In-between(-er); not different and not the same
M4C Creative Economy Engagement Fellowship (CEEF)
In-between Spaces: Central and Eastern European (CEE) art and artists in the UK’s creative economy. Research project in partnership with the University of Birmingham and Centrala Space in Birmingham.
Dr Jakub Jan Ceglarz
I never paid attention to how my name gets mispronounced or misspelled in the UK. Mostly because after eleven years of studying, working and practicing art in the UK, I did not feel attached to the community of migrants from Central and Eastern Europe. I usually was misidentified as French, Italian and sometimes Turkish; followed by “You don’t look Polish” after me apologetically correcting the person who was asking. It was never an issue, frankly, I need to admit that it was kind of flattering. My positive interpretation of those events came from me actively trying to fit in – and being an EU national living in the UK gave me all the privilege that I needed to achieve it.
Those experiences changed in recent years. The constant misidentification followed by mispronunciation of my name; variations like Jacob, Jakob, Yacob, Jake and probably most infuriating “JC” became a daily occurrence (most recently an official from Home Office, after asking for my passport to digitally imprint the “pre-Settled” status on it, send it back in an envelope addressed to “Jacob Ceglarz”) led me to resent the fact that I needed to prove and reinstate my ethnicity and my nationality. This is not a new experience for many of you. I believe that most of the people who are not quintessentially British know this feeling – and I know that this misidentification is often motivated by racism (more foreign one looks).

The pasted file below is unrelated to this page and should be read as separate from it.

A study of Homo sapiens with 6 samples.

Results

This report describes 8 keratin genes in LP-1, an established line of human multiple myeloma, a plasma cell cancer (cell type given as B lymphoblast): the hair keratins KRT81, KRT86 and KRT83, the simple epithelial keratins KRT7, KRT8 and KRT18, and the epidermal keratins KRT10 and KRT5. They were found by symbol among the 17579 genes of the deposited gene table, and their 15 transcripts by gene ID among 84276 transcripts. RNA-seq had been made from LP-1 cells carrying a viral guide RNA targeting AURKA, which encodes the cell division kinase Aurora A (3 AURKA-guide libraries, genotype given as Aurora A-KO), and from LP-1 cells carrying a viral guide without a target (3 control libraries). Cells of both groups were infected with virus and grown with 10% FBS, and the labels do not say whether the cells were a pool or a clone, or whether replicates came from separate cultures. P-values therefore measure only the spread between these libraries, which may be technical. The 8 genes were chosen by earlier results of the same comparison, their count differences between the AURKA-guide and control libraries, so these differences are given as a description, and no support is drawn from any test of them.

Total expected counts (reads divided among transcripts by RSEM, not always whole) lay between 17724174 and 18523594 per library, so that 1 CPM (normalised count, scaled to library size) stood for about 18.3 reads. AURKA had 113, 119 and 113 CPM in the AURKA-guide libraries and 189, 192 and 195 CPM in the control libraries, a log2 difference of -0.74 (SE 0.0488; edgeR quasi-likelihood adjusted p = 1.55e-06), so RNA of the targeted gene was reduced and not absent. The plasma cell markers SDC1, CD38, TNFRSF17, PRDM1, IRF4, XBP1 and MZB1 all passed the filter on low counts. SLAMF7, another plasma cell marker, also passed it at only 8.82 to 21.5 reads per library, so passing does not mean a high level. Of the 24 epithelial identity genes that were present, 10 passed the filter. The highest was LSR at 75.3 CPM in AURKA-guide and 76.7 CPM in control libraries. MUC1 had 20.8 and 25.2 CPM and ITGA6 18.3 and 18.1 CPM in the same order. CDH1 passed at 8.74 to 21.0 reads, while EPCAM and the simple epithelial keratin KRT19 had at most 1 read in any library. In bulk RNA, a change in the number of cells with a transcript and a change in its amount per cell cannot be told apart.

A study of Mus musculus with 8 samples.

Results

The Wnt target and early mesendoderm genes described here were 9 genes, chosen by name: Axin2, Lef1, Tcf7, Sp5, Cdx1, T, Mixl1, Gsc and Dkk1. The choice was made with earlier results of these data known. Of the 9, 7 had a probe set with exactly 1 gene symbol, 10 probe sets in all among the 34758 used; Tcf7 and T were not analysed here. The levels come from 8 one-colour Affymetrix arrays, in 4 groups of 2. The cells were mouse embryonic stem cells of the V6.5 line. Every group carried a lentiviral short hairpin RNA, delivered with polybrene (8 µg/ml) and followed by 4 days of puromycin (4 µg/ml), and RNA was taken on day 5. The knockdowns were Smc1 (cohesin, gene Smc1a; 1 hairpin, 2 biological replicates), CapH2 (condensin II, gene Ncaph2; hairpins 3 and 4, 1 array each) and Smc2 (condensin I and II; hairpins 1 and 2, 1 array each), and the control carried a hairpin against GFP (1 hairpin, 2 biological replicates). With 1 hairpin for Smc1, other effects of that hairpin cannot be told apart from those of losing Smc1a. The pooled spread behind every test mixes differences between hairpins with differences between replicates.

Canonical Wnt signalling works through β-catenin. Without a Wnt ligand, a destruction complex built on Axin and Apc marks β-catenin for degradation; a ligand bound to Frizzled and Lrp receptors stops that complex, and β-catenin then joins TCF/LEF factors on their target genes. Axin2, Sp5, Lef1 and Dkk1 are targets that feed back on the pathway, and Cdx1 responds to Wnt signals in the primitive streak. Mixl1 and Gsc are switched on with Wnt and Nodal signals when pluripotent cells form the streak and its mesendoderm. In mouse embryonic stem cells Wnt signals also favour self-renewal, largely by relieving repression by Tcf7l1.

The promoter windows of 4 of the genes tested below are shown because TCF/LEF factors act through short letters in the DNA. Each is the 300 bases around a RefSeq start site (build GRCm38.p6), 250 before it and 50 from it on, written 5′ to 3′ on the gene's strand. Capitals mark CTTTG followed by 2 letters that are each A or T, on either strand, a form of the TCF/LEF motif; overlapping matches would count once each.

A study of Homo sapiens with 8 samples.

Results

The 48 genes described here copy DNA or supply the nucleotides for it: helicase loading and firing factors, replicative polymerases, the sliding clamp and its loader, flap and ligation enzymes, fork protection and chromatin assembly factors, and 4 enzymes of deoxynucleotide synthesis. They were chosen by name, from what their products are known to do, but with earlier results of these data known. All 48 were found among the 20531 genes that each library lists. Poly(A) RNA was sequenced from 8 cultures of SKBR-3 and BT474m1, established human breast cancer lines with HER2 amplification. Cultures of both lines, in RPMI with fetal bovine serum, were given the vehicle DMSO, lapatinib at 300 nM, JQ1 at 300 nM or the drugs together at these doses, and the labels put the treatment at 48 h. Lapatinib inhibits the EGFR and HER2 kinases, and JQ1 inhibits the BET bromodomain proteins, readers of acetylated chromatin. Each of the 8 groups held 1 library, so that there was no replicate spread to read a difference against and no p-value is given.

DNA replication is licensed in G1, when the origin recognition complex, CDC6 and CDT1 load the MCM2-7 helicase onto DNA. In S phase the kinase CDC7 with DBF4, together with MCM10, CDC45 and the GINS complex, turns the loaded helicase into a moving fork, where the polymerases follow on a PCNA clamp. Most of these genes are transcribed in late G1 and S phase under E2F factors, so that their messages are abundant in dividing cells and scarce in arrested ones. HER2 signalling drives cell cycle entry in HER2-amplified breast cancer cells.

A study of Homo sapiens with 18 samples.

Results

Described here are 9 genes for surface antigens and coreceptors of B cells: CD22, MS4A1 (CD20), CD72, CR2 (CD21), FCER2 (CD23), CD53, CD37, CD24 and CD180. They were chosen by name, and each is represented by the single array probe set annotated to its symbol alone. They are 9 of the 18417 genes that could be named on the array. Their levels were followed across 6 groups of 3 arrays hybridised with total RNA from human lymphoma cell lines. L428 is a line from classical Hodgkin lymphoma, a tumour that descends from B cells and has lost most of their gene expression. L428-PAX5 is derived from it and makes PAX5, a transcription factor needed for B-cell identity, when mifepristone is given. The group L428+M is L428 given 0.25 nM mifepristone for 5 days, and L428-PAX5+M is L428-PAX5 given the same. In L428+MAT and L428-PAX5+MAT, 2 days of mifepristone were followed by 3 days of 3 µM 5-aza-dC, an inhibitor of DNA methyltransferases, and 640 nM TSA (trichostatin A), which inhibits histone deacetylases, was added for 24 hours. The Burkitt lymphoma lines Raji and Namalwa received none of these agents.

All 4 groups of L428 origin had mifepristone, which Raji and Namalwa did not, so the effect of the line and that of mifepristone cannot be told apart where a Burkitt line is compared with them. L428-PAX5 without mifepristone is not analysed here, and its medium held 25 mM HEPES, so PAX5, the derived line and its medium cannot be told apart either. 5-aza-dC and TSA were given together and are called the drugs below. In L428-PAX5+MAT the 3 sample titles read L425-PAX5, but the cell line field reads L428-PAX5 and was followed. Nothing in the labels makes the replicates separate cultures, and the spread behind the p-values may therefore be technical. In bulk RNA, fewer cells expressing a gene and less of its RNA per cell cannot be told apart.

When I was approached by Alicja Kaczmarek (Director of Centrala Space) to join the research team in a bid for M4C CEEF funding I was skeptical for two reasons. First, the job would involve methods of research that I hardly use as an artist (scoping exercise and interviews), the second I would work in a new environment with Prof. Sara Jones at the University of Birmingham. After our initial meeting, those worries did not go away, however hearing Alicja’s testimonies and understanding other projects run by Sara I understood the necessity and urgency of this research. As I engaged more and more with this work, and after completing the interviews (probably my favourite part of this work), I started to feel a part of something. Suddenly, it was not just me – there is a lot of CEE artists in the UK, some successful – some struggling, but most share a similar experience (especially with the rise of right-wing populist politics in the UK). This experience is of certain liminality; liminality that allows us to practice and work in the UK, but not being recognised as active contributors to British art and culture. At the same time; however paradoxical, we exist in a state of being together – and – apart in relation to the UK’s creative economy. This experience creates barriers in processes of visibility, representations, and professional development that, especially with the insecurity created by Brexit, continuously intensify and further affects a sense of exclusion in CEE community at large living and working in the UK.
Jakub is also a Postdoctoral Researcher at BCU. He completed his PhD in 2018 and successfully applied for CEEF funding (M4C) with University of Birmingham in December. He began this ten-month project in January 2019.